A funny old day. I’ve been working for the press for the past 3 days so most of what I may have to say here would be old news anyway so I think I’ll just tell you a couple of personal stories.
The TV company I am working for at the moment is not exactly the most viewed network in Australia but their news is certainly the best. There are 3 of us. The correspondent, the cameraman and me. Today, the award winning correspondent I am working with told me that at 4.15pm we "have to be at the airport to pick up the flak jackets and helmets’. “No worries” I said, ‘how many are there?” – “Two of each” replied my colleague. You do the math. Moral: Get a binding contract or some good insurance if you live in East Timor.
Went to Alfredo’s step-fathers house in Dili this afternoon. Alfredo’s body is there at the moment and tomorrow, at 10am, he will be buried. He is going to be buried in the grounds of the house and not in Maubisse as previously thought apparently because the security risk would be too great if the funeral cortege had to pass Xanana’s house, which it would. When we got there about 400 people were already present to pay their last respects. The biggest percentage of these 400 were young boys. The whole affair was very low key, sombre and dignified. The boys accounted for themselves impeccably.
I would also like to say that from a personal point of view the f-FDTL and the PNTL have reacted to recent events with the greatest of professionalism and restraint. If you had asked me on Sunday what their reaction to events of the following morning might have been my answer would have been very very negative. Sometimes it is an absolute pleasure to be proved wrong.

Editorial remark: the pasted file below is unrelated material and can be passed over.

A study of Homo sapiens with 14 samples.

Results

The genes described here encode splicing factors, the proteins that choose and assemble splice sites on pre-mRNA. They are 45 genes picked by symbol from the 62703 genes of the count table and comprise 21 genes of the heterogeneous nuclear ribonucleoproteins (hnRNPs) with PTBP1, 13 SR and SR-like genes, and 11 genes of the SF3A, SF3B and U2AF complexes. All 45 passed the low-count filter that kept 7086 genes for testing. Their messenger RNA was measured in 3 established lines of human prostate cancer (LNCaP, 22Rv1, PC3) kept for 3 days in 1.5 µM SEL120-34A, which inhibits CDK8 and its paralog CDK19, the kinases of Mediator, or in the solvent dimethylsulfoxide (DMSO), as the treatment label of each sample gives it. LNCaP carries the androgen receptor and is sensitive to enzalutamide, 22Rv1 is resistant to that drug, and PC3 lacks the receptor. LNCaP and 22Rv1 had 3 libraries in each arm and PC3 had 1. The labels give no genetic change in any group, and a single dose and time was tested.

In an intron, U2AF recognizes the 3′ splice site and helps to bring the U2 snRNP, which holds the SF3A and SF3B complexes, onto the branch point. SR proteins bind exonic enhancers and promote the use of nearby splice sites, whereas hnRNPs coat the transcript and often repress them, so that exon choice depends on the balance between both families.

Is it really Wednesday? It actually feels like Monday night.
I love the curfew. I am getting a good nights sleep. The dogs are not barking at drunks walking past at all hours, the boys are not across the road imitating guitar players with crap singing voices and I can sleep sound in the knowledge that I won’t get burgled. All we need now is for the curfew to be applied to barking dogs with a shoot on sight clause and I might be able to forgo my afternoon nap. Heaven forbid.
Right, going to bed now. Big day tomorrow. We’ve got the funeral, something I can’t tell you about, a beef stew delivery, a hotel change, preps for Rudd’s visit on Friday, various pressers, a trip to the airport to pick up the flak jackets that customs wouldn’t give us today (even though neither of them is my size), the weekly shop to do (life must go on) and lots of well oiled stories to tell each other.
What I would leave you with though, for the avid Timor watchers, is to make sure you read the Sydney Morning Herald tomorrow for a very interesting story about the events of Monday morning.